As a child grows, attachment changes and should be blended with age-appropriate limits and support as a parent continues to be emotionally attuned to the child and protects their safety. This is where “authoritative” parenting comes in.  

It all begins with a “secure attachment” and continues with “authoritative” parenting. One of the biggest protective factors against substance use is a “secure attachment” relationship between parent (or primary caregiver) and child. A secure attachment is so important that it has been referred to as the “anti-drug”. Parents foster this attachment beginning in infancy. In the toddler years, “authoritative parenting”, which blends a secure attachment with age appropriate limits and support, is the most effective approach to parenting. In later years, this approach is an especially strong protective factor against substance misuse. 



Emotional responsiveness is crucial to brain development, cognitive and emotional development, the stress regulation system, and authentic human connection. Children develop a “secure attachment” when their primary caregiver is: 

• Involved

• Attentive 

• Responsive 

• Sensitive

• Warm

• Loving

• Emotionally available

POSITIVE EFFEFCTS OF A SECURE ATTACHMENT.  Children with a secure attachment history are more likely to develop a greater sense of self-agency, better emotional regulation, higher self-esteem, better coping under stress, more positive engagement in the preschool peer group, closer friendships in middle childhood, better coordination of friendships and social groups in adolescence, more trusting, non-hostile romantic relationships in adulthood, greater social competence, more leadership qualities, and happier and better relationships with parents and siblings. All of these in turn are protective factors against substance misuse down the road.


This approach combines qualities of “responsiveness” and “demandingness” or lovingness and high expectations. 


Responsiveness, or nurturance, refers to the warmth, love, understanding, and empathy that a parent offers a child. Responsive parents are attuned to their child’s perspective, feelings, needs and abilities, taking age and temperament into account.


Demandingness, or control, refers to parents setting age-appropriate limits, boundaries, and expectations, taking into account their child’s temperament and developmental skills. Rules are discussed and explained, preferably ahead of time, which promotes the child’s ability to reason rather than blindly obey. Discipline and power-assertion are last resorts, best reserved for issues of safety.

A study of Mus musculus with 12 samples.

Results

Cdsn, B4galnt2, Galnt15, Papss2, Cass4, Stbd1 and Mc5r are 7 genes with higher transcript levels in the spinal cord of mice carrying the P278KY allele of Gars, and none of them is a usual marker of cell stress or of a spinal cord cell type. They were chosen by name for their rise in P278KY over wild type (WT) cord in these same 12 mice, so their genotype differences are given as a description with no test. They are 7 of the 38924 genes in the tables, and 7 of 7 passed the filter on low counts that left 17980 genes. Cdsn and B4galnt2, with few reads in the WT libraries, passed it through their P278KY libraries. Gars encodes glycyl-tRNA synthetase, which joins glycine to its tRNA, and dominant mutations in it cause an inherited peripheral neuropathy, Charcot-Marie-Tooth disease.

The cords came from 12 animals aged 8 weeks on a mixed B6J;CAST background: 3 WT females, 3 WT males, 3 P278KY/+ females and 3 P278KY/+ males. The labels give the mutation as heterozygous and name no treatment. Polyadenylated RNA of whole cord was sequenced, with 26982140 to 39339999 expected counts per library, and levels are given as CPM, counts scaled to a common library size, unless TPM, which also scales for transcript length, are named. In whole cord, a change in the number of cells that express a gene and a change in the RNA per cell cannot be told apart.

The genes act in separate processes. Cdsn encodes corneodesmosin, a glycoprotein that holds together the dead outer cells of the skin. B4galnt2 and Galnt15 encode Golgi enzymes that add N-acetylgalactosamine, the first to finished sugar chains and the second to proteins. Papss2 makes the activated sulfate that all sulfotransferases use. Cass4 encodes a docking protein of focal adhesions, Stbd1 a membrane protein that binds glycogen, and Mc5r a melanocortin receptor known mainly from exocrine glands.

“Authoritarian” parenting involves more control and less nurturance. An authoritarian approach is “my way or the highway.” Authoritarian parents value rules, obedience, and conformity, and they tend to be punitive, inflexible, and controlling. The child’s growing independence is not encouraged and their autonomy is restricted. Authoritarian parents do not show interest in their child’s point of view, and project an attitude that they know what’s best. This often creates increasing conflict, resulting in rebellion and sneaking around as the child grows.


“Permissive”parenting, is high in nurturance but low in control. Parenting is child-centered to the point of indulgence, offering a high degree of freedom but few expectations or boundaries. Permissive parents are more focused on their child’s happiness, or they may view setting boundaries as an infringement on the child’s “rights” (a position popular in the sixties). This approach can also describe the classic helicopter parent, which prevents a child from developing their own skills, advocating for themselves or problem solving on their own. 


Children raised by permissive parents tend to be immature, with little self-reliance or self-confidence, and personal responsibility. Lacking their own strong internal compass, they are also more easily vulnerable to peer influences.

“Indifferent” parenting is low on both nurturance and control. These parents are neglectful and “checked out.” They are self-centered and take little interest in the child. Children raised by indifferent parents have poor psychological adjustment, second only to hostile or abusive parenting. With little parental oversight or monitoring, these children tend to precociously experiment with sex, drugs and alcohol. They are more likely to be involved in delinquent behavior.


Why does authoritative parenting work? Research supports the effectiveness of “authoritative parenting” for all different kinds of families, regardless of their ethnicity, income, education, or structure. It promotes healthy development. When children have a strong attachment, they naturally want to be more aligned with the parent. 


A discussion- and explanation-based approach promotes intellectual development and develops moral judgment and empathy. Respecting the child’s perspective helps a child develop their own thoughts and ideas. In this way, a child grows an internal compass of their own — one that will guide them when a parent isn’t around.


For more information about how to foster secure attachment and be an authoritative parent, check out our pages on How to Talk to Your Child About Substance Use and Tips on Setting Boundries and Monitoring Your Child.